Righty Meyer filled in as teacher in offseason

Education was always a backup plan for Angels' 6-foot-9 pitcher

Righty Meyer filled in as teacher in offseason

TEMPE, Ariz. -- Angels manager Mike Scioscia has seen his fair share of players who have side jobs in the offseason.

"I'm trying to think offhand, but there are some things guys have done," Scioscia said. "Ranged from bartender to dogcatcher."

One of the new ones is 27-year-old pitcher Alex Meyer's job. He works as a substitute teacher in his hometown of Greensburg, Ind., when he gets the opportunity.

"Before being a baseball player, when I was in college, I always planned on education being in my future when I was done," said Meyer, the Halos' No. 8 prospect, according to MLB Pipeline. "You always have a backup plan."

Because the town is so small, Meyer has worked with all age groups from kindergarten through high school. He doesn't focus on a specific subject or group, but prefers the high school level.

Meyer said working with younger kids is "like babysitting," and he still has connections to Greensburg Community High School, which he attended.

"I like being up there," Meyer said. "A lot of teachers are there that I was a student under, so it's good to see them and everything. And a lot of my coaches are still there."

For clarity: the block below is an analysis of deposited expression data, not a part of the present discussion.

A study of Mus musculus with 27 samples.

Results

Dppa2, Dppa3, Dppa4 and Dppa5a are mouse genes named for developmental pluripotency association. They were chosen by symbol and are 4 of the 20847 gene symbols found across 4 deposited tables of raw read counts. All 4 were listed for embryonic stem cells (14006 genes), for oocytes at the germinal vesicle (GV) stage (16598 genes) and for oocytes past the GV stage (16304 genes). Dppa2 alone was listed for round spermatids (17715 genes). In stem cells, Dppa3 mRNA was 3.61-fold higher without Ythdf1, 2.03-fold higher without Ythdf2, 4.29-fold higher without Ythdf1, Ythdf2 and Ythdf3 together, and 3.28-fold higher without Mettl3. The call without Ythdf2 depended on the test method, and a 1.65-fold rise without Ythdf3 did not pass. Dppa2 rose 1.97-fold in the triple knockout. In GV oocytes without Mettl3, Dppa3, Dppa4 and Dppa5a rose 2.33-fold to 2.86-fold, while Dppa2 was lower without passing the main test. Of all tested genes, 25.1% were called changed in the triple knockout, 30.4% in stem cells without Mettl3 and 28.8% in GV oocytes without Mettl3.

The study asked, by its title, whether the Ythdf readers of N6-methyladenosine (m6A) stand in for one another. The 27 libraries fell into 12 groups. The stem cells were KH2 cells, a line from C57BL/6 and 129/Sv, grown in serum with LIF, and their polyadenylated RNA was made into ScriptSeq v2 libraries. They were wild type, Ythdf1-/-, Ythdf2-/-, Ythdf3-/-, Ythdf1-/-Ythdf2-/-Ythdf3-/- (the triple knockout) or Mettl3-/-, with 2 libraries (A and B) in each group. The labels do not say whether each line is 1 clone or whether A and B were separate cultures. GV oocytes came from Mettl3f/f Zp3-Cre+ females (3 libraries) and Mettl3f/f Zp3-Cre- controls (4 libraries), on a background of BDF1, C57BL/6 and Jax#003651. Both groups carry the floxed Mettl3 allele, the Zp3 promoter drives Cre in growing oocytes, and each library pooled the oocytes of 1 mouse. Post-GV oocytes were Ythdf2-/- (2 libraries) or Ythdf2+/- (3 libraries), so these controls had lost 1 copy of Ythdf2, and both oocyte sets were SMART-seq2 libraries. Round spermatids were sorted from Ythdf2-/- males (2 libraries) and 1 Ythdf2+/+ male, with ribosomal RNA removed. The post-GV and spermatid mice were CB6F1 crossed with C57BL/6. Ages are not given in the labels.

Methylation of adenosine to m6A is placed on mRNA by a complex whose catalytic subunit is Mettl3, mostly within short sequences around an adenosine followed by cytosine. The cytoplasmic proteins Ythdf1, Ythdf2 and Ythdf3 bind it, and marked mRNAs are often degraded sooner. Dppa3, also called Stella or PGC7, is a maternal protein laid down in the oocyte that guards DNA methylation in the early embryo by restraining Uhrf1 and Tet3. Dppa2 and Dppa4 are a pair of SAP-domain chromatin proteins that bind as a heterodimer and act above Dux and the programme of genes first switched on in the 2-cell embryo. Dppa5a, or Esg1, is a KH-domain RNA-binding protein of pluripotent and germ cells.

Meyer spoke nonchalantly about the experience, as if it was commonplace for professional athletes to take on side roles teaching children math and social studies.

Meyer only did it once this offseason, though. He said he's busier in the offseason now than he used to be. Meyer has been on Spring Training rotations since 2014, gone up and down between the Majors and Minors the past two years and was dealt from the Twins to the Angels at the non-waiver Trade Deadline in '16.

Top Prospects: Meyer, LAA

But Meyer finds time for his side gig when he can. He said the toughest parts of filling in as a teacher are getting through lesson plans and making sure kids don't get unruly. Meyer said they normally are fine, though.

Maybe they want to give their best impression with a professional baseball player at the front of the classroom. Maybe they're just intimidated by the 6-foot-9 Meyer. Either way, he hasn't had any "crazy instances."

"I've been lucky, it's been fairly easy for me," Meyer said. "Kids aren't bad or anything. They usually listen."

Meyer is not sure if he's applied his schoolhouse leadership lessons to the clubhouse, but he hopes he can learn from each job he's had and apply it to the next.

"I just go in and try to be the same person there that I would be out here," Meyer said. "It's just something that's fun, and I enjoy it."

It's not something Meyer broadcasts to his team. Scioscia didn't know the righty makes relief appearances in the classroom, and he chuckled when asked about it.

"We've had some guys with some unique jobs," Scioscia said. "I don't think substitute teacher's that unique. I think it's great."

Logan Newman is a senior majoring in journalism at Arizona State University. This story is part of a Cactus League partnership between MLB.com and ASU's Walter Cronkite School of Journalism and Mass Communication. This story was not subject to the approval of Major League Baseball or its clubs.